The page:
F1 drivers expect fast Qatar track to be “physical”

Formula 1 drivers who have tried the Losail track in team simulators expect the Qatar GP venue to be challenging and tough physically.

F1 drivers expect fast Qatar track to be “physical”

Others have had to fit visits to factories and sim running around the current busy race schedule, and have only recently had the opportunity to sample Losail.

A high downforce set-up and a series of quick sweeping corners are expected to provide the drivers with a big challenge.

“It's a pretty fast track,” said Lando Norris when asked by Motorsport.com. “Not many big braking zones or anything, so it's probably going to be quite a physical one.

“I don't know how the racing or anything is going to be, I've got no idea just yet. But quite a fun track from what it looks like.”

“It is going to be a very high speed track,” said Pierre Gasly. “It is difficult to compare with any other track that we’ve been to, so it is going to be a challenge.

“Driving it in the simulator and driving-wise it seems really exciting. In terms of racing it is quite high speed and a lot of long corners, high yaw corners, so it might be difficult to follow, but we will see.

“It is probably going to be quite physical in terms of G and the minimum speed in the corners is pretty high.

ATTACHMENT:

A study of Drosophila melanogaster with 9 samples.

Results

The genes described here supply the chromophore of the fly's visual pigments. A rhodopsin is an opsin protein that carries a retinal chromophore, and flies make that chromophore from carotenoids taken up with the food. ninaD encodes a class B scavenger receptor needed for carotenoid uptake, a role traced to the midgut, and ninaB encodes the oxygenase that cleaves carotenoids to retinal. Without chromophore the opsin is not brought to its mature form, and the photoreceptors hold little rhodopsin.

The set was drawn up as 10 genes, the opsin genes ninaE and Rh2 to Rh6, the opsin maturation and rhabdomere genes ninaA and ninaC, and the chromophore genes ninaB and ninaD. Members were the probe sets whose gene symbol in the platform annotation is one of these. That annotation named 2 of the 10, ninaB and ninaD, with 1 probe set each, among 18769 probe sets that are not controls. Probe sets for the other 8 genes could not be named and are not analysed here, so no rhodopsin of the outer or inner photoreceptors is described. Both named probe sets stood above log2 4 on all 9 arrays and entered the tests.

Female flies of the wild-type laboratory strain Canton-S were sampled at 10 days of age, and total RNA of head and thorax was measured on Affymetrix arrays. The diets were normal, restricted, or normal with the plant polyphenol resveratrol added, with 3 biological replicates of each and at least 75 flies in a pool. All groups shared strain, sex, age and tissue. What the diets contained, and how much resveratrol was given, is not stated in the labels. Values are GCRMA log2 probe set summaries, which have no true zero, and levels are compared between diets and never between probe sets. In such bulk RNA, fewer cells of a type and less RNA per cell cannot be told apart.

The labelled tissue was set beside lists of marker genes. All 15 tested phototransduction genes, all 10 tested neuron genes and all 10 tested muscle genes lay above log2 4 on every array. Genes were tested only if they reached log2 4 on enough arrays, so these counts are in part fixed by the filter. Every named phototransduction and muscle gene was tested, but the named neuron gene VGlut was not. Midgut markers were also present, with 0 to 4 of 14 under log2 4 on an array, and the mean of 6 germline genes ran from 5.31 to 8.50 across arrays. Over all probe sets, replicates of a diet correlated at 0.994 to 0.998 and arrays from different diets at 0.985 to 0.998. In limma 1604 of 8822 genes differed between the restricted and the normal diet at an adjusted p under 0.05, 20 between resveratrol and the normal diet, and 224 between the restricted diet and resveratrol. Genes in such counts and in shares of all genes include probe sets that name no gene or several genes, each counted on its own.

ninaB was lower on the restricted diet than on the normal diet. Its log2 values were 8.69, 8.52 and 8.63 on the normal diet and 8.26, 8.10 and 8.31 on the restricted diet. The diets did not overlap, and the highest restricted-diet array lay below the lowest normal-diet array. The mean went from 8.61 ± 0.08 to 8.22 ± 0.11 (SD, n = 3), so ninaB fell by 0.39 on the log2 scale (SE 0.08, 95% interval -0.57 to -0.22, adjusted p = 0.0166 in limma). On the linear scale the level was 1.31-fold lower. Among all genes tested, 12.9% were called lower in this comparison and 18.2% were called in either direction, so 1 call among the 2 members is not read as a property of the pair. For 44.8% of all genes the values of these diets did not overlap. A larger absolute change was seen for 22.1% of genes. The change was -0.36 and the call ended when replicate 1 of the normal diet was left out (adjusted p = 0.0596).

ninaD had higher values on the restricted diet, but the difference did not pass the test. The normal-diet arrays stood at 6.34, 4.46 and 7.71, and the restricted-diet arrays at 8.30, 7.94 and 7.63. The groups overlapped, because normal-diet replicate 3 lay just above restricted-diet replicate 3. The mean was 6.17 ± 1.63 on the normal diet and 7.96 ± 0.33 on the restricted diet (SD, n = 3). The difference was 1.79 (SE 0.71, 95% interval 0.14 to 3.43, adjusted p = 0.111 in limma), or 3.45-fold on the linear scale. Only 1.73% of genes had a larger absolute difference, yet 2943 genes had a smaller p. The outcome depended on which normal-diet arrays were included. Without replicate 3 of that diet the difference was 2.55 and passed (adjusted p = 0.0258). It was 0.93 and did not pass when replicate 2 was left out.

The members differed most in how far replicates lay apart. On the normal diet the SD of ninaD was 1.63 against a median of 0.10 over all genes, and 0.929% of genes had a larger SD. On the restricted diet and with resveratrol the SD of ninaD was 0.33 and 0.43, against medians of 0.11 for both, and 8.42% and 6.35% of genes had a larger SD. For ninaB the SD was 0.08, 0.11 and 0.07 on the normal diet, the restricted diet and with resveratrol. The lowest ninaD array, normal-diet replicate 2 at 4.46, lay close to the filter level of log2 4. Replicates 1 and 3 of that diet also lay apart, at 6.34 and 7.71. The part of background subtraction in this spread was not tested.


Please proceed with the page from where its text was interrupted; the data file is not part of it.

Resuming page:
“But Sao Paulo is always really difficult as well as it is anti-clockwise. When you have a triple-header the neck is still stiff from the first race and all the way through, so I think we’ll fine to Abu Dhabi.”

George Russell also acknowledged the circuit’s fast nature.

“It’s quite an enjoyable track to be honest,” said the Williams driver. “Very fast, sweeping, high downforce, a long straight as well. So I think there'll be some good racing.”

Losail International Circuit

Losail International Circuit

Perez, who admits he can remember little from his 2009 visit to Losail but has tried it in the Red Bull sim, hopes that Mercedes will have less of a straightline advantage than was evident in Brazil.

“We'll see what we are able to do going into Qatar,” said the Mexican. “I think it’s going to be a different track. Probably straightline speed is not so relevant over there, so hopefully we can be a lot more competitive.

“I think it's a very high downforce track, very fast. And hopefully the main straight is not too long!”


“It definitely helps the teams with better simulations for sure,” he said. “Because they're a bit more on top of the game behind the scenes than the teams at the back end of the grid.

“But it always offers opportunity. The track's constantly evolving, the drivers are having to learn it, the teams are having to learn it. So if you work well as a race team you should be able to make the most of it.”

Norris agreed that new venues are usually enjoyable for drivers.

“I think it's good for us as drivers to kind of try and adapt to something new,” said the McLaren driver. “And it's always more exciting when you have a new circuit to try and get up to speed and try different things.

“I just hope the racing is fun. That's like the best part of it, going to a new track to see if the racing's any good. They look like two fun tracks, quite different tracks, one street circuit and one very wide and open. I just look forward to them.”